The Milwaukee Brewers hadn't won a road playoff game in 29 years before Thursday. They will try to make it two in a row and head back home with a series lead tonight when they play a pivotal Game 5 of the National League Championship Series against the St. Louis Cardinals at Busch Stadium.
Milwaukee evened this best-of-seven affair on Thursday, as Randy Wolf shined in the longest postseason start of his career, tossing seven innings of two- run baseball to help the Brewers to a 4-2 win to even the set at two games apiece.
Ryan Braun's run-scoring single in the fifth inning proved to be the difference for the Brewers, who bounced back from a 4-3 loss on Wednesday to snap an eight-game road losing streak in the playoffs. Milwaukee, which is just 4-11 all-time on the road in the postseason, last won a road playoff game back in Game 1 of the 1982 World Series against the Cardinals.
Another win tonight would give the Brewers back-to-back road playoff wins for the first time since taking Games 3 and 4 at Yankee Stadium of the ALDS during the strike-shortened 1981 season.
Wolf (1-1), who was battered by Arizona in his lone NLDS start, gave up two runs -- both off solo homers -- on six hits to pick up his first career postseason win. The left-hander struck out six and walked one.
"I'll be honest -- the day after the D-backs game, I didn't eat or shower that day," Wolf said. "I don't know if they call that depression."
In addition to evening this series, the Brewers more importantly secured at least one more home playoff game. Milwaukee excelled at home during the regular season, setting a franchise record by going 57-24, and the club has a mark of 4-1 at Miller Park during the postseason.
"Real important for us to go back home," Brewers manager Ron Roenicke said. "I still think that we can play good ball on the road. But it's important to go back home for sure. Hopefully we'll do it with a lead, but if not, we have got two games there."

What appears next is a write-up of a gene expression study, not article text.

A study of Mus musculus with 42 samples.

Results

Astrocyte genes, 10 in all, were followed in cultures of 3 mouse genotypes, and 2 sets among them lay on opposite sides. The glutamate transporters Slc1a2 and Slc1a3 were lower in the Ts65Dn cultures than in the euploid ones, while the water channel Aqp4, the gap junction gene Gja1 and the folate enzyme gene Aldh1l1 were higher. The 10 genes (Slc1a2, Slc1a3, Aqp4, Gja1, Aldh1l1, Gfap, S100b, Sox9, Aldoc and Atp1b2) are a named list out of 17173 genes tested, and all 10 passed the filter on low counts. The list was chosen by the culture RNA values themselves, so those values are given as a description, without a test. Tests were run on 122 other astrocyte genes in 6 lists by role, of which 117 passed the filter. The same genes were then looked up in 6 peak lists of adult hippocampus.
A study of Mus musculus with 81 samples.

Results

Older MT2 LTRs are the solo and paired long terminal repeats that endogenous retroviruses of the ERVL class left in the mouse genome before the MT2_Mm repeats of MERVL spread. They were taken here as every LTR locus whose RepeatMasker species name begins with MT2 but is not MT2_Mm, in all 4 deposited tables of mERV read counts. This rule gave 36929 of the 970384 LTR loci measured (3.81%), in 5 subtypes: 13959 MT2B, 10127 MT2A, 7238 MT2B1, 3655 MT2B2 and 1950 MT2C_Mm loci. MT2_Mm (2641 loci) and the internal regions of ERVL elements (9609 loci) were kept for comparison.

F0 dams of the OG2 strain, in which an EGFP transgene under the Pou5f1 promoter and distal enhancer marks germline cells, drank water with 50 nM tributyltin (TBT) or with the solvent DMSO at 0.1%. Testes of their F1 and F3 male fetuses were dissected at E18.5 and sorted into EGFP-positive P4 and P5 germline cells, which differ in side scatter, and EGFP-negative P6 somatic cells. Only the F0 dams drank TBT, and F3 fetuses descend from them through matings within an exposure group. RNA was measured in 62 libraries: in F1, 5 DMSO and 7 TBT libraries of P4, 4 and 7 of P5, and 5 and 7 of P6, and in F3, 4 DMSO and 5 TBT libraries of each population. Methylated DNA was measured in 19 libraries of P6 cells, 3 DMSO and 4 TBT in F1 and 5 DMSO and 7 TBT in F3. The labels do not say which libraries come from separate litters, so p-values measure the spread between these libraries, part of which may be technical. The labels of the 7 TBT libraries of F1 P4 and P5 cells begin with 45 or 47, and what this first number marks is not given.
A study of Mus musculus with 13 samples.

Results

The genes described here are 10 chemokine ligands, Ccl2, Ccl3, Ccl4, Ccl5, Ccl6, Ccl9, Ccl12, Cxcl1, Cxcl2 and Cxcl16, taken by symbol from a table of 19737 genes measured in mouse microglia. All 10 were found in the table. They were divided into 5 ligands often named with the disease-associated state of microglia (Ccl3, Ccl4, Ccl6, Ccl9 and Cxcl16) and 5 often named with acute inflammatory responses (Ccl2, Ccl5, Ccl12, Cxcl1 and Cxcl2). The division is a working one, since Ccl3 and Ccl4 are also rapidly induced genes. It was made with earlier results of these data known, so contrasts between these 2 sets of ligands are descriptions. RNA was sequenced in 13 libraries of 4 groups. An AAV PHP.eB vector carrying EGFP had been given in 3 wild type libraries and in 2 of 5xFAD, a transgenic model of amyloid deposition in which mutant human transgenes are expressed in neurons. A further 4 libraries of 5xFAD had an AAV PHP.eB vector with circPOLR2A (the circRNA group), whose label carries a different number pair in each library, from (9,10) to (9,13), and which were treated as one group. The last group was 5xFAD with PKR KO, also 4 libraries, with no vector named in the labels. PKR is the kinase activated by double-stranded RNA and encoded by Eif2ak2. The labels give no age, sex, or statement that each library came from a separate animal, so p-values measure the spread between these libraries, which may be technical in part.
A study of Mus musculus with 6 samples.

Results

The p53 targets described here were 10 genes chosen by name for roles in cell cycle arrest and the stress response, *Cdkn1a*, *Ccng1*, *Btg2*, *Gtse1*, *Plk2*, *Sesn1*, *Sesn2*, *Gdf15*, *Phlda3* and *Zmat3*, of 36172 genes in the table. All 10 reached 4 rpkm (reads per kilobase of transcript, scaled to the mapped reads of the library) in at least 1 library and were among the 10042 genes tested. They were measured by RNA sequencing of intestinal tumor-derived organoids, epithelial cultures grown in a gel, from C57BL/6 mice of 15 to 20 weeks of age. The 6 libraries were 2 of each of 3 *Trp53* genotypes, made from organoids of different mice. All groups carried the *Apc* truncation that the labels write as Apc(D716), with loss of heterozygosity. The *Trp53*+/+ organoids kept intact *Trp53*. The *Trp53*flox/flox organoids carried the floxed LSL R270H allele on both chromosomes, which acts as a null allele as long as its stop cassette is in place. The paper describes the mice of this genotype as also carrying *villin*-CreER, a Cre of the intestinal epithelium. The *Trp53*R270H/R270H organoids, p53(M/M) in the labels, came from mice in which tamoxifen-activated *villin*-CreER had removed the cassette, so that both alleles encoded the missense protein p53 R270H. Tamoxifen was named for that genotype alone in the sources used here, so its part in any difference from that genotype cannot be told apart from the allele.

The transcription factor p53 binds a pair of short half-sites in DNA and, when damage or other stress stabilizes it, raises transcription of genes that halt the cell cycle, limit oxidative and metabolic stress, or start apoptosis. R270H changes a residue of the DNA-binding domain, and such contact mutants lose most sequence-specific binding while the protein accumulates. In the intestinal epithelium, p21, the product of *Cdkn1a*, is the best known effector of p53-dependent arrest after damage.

Kyle Lohse (0-2) allowed three runs on six hits over 4 1/3 innings to take the loss.
"Well, I thought his stuff was good. Delivery was good most of the time," Cardinals manager Tony La Russa said. "And, you know, couple of times that he wasn't sharp, good hitters got him."
Tonight the Brewers turn to righty Zack Greinke, who earned the win in Game 1 of this series, but was not sharp, as he allowed six runs and eight hits in six innings of work.
After posting a 2.68 ERA in his final seven starts, Greinke has allowed 10 earned run in 11 postseason innings and has pitched to an 8.18 ERA.
"Zack has kept us in games," Roenicke said. "That's what you ask from a starting pitcher, especially in the playoffs, but he has not been the lights- out guy that we have seen for quite a while."
In three regular season starts versus the Cardinals Greinke went 2-1 with a 3.15 ERA.
"[In my] first two games, I've given up some runs, but I've been really happy with how I've pitched," Greinke said. "So [Friday], I'm just going to do what I can do, and if I throw good, I'll be happy, happy with how I throw."
The Brewers, of course, won each Greinke's 17 home starts this season, but the former AL Cy Young Award winner posted just a 5-6 road mark to go along with a 4.70 ERA.
"Besides (games against) the Yankees (June 28) and Cubs (June 16), I felt like I've pitched just as good everywhere," Greinke said. "Those two games I haven't pitched like I should pitch and it wasn't because of being on the road."
St. Louis, meanwhile, will counter with left-hander Jaime Garcia, who has lost both of his postseason starts and allowed six runs in four innings to the Brewers in Game 1.
"I've said this before, I feel really good about myself -- physically, mentally -- and I'm ready to go," Garcia said.
At Busch Stadium, the left-hander is 9-4 with a 2.55 ERA, compared to a 4-3 (4.61) mark on the road. He also tossed a two-hit shutout to beat the Brewers the last time he faced them at Busch.
"Obviously, I like pitching here," Garcia said. "But I don't really feel any different on the road. I just feel like throughout the year, a lot of times when I've pitched on the road, it was just one of those things where it didn't go your way. But I've had some good games on the road and then some not very good at home."
Of course the Cardinals are quite familiar with their NL Central inhabitant Brewers. Including this series, the teams have split all 22 matchups this season.
Only twice since the addition of the wild card have two teams from the National League Central met in the NLCS. It last happened in 2005, when the Astros knocked the Cardinals out of the playoffs.
In an underlying storyline, tonight could be the last home game for Albert Pujols, who can become a free agent at season's end. The three-time MVP was held in check in Thursday's loss, going just 1-for-4, but he is still 8-for-15 in this series with a home run and six RBI.
"We've been in this situation," Pujols said. "It's best out of three. That's how you need to look at it. We need to win [Friday]."